News Release

Forsyth microbiologists discover a regulatory mechanism that keeps cancer-causing bacteria in check

Peer-Reviewed Publication

Forsyth Institute

Cambridge, Mass. - Researchers at the Forsyth Institute have discovered an important mechanism that may have profound implications for how we prevent colorectal cancer. Oddly enough, their discovery began in the mouth. 

Colorectal cancer is the second most deadly cancer, killing over 52,000 people a year. Increasing evidence indicates Fusobacterium nucleatum, an opportunistic oral pathogen is one of the factors causing colorectal cancer. Fusobacteria are often found in healthy mouths, living in balance with other bacteria in the oral microbiome. It is considered opportunistic because in certain conditions it quickly grows out of control and causes damage to the human host.

The researchers wanted to understand what kept Fusobacteria in check in healthy mouths. They found that a molecule naturally produced by the human host directly targets Fusobacteria and keeps it from taking over. The molecule is a small RNA. 

Their results, described in “Targeting Fusobacterium nucleatum through Chemical Modifications of Host-derived Transfer RNA Fragments,” which was published in the ISME Multidisciplinary Journal of Microbial Ecology, suggest a chemically modified version of this molecule could be used as a potential therapeutic to prevent colorectal cancer in the future.

“The amazing thing about this small RNA,” said Dr. Xuesong He, a Forsyth Senior Member of Staff who led the study, “is that it is very potent and very targeted. It doesn’t kill all the bacteria, good and bad. It only inhibits Fusobacteria. The ability to target a specific pathogen is what makes the molecule a promising therapeutic agent.”

The oral microbiome, which is made up of communities of microbes, plays an important role in human health and disease. Disease occurs when the balance between the bacteria and host is upset. Certain pathogenic bacteria might start to increase and cause problems.

How does a microbe in the mouth affect other parts of our body? “In a healthy mouth with good hygiene,” explained Dr. Pu-Ting Dong, a Forsyth postdoctoral fellow and the co-first author of this study, “fusobacteria are kept in check. When the homeostasis of the mouth is disrupted by bad oral hygiene or weakened host immunity, it can create the perfect conditions for Fusobacteria to grow out of control.”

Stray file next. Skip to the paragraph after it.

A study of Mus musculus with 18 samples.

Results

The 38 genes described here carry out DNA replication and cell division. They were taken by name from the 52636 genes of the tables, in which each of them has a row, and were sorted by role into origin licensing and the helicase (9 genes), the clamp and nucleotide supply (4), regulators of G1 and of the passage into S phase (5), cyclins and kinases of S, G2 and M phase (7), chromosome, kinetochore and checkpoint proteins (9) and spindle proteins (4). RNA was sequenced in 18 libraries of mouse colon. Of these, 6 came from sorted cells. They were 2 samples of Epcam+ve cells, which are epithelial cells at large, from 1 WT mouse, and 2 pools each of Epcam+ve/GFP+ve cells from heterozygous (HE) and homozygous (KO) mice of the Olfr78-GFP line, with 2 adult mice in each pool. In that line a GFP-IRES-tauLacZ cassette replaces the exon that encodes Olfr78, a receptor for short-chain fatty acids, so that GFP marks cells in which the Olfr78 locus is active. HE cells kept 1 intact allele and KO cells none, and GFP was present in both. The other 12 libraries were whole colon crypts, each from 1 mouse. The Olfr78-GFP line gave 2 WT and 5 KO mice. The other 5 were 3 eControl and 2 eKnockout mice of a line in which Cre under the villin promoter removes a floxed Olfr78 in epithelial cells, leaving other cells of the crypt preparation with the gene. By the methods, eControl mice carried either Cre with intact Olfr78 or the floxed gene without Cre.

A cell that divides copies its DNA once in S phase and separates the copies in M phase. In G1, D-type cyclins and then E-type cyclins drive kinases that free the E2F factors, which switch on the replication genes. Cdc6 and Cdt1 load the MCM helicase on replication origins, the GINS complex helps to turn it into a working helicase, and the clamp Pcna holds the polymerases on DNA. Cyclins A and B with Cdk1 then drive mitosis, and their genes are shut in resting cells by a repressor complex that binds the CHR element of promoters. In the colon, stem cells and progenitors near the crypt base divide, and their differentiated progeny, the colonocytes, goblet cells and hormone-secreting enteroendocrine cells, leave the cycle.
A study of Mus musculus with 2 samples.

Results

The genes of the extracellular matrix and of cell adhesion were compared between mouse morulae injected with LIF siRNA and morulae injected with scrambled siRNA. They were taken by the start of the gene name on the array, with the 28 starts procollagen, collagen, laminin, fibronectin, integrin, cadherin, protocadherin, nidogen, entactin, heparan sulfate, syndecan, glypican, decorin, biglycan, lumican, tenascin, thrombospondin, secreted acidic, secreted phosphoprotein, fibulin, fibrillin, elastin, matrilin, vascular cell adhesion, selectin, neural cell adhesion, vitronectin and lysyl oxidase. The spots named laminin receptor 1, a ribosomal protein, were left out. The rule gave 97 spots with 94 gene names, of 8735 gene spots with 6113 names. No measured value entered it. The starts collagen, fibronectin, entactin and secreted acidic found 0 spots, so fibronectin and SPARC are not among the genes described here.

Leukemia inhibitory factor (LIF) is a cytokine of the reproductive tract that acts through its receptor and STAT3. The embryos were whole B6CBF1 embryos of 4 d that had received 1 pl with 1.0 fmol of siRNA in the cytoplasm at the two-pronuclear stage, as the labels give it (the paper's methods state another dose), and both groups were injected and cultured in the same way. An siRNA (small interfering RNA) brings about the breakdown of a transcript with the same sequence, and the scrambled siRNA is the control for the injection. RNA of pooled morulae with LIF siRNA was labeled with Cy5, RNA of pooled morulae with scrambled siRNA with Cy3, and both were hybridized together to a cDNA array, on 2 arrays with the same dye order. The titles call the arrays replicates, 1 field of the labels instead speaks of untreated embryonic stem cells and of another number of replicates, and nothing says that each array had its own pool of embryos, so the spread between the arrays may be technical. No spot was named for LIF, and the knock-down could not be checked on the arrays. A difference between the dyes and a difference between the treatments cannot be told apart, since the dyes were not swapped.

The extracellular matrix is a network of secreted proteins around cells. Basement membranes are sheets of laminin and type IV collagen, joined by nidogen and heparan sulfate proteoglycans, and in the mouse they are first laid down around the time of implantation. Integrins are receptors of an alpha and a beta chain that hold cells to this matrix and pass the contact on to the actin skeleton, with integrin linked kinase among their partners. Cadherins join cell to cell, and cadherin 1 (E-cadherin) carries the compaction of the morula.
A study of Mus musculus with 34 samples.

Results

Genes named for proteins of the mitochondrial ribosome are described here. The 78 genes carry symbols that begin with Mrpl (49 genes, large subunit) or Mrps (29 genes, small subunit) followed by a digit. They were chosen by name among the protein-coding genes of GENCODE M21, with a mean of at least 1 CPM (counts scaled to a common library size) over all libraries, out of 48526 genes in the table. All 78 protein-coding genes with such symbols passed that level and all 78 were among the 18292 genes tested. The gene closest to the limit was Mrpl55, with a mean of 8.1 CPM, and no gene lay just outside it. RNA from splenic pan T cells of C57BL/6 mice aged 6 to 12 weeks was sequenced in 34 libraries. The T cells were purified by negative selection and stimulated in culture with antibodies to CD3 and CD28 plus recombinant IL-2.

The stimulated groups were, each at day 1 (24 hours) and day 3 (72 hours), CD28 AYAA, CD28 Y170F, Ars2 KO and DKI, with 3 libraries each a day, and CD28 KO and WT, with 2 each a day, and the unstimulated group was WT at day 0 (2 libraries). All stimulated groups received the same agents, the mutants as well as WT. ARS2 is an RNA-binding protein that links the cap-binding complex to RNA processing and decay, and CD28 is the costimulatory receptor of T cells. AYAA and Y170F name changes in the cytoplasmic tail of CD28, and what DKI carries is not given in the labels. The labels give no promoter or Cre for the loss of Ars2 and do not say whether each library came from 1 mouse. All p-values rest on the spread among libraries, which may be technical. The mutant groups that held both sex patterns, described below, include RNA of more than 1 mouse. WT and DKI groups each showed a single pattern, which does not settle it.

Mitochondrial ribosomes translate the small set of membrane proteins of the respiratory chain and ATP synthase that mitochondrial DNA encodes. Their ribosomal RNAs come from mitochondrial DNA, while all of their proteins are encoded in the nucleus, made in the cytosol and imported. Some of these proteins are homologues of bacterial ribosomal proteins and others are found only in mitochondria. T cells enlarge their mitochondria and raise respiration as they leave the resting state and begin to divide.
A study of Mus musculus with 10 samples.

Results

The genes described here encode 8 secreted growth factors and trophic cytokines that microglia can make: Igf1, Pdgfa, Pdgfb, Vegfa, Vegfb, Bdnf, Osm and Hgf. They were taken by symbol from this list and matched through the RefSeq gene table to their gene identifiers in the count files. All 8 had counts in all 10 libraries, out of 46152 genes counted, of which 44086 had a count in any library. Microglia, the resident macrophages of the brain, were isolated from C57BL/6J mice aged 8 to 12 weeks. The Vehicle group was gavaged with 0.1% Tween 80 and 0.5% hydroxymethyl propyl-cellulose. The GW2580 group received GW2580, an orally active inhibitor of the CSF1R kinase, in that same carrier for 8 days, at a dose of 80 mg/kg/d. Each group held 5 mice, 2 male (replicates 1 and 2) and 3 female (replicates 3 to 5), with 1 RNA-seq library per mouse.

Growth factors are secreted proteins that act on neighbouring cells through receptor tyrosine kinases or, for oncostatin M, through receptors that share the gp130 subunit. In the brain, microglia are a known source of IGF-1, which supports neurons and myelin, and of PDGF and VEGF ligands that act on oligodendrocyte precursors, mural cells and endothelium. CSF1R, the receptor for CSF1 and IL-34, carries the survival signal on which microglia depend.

Often this overgrowth of Fusobacteria causes periodontal disease. However, it can also lead to more fatal diseases, such as colorectal cancer. If someone brushes and flosses irregularly and gets microbleeds, the bacteria can enter and travel through the bloodstream to other parts of the body, such as the colon. In addition to colorectal cancers, imbalances in the mouth are directly linked to other systemic conditions such as diabetes and Alzheimer's.

As part of the study, Dr. He’s group teamed up with Dr. Jiahe Li (the co-corresponding author of this article) from Northeastern University and chemically modified the small RNA to be even more effective at inhibiting and preventing fusobacterial overgrowth. An international patent (PCT/US21/19890) has been filed for these modified Fusobacterium-targeting small RNAs by the Forsyth Institute and Northeastern University.

The researchers hope that their continued work in this field will lead to effective preventative therapeutics for Fusobacteria-related systemic diseases.

Other collaborators on the study included Drs. Wenyuan Shi and Lujia Cen from the Forsyth Institute; Dr. Mengdi Yang from Northeastern University.

The work was supported in part by The National Institute of Dental and Craniofacial Research of the National Institutes of Health (NIH) under Awards R01DE030943 and Forsyth Institute Collaborative Pilot grant FSI_CP05


About The Forsyth Institute

The Forsyth Institute, founded in 1910, is the world’s leading independent research institution focused on oral health and its connection to overall wellness. Forsyth was founded as a pediatric dental hospital serving disadvantaged children in the Boston area. Today, the Institute is grounded in a 3-pillared strategic plan focused on biological research, clinical service and public health outreach, and technological innovation. Forsyth conducts its original mission through a mobile public health dental program called ForsythKids.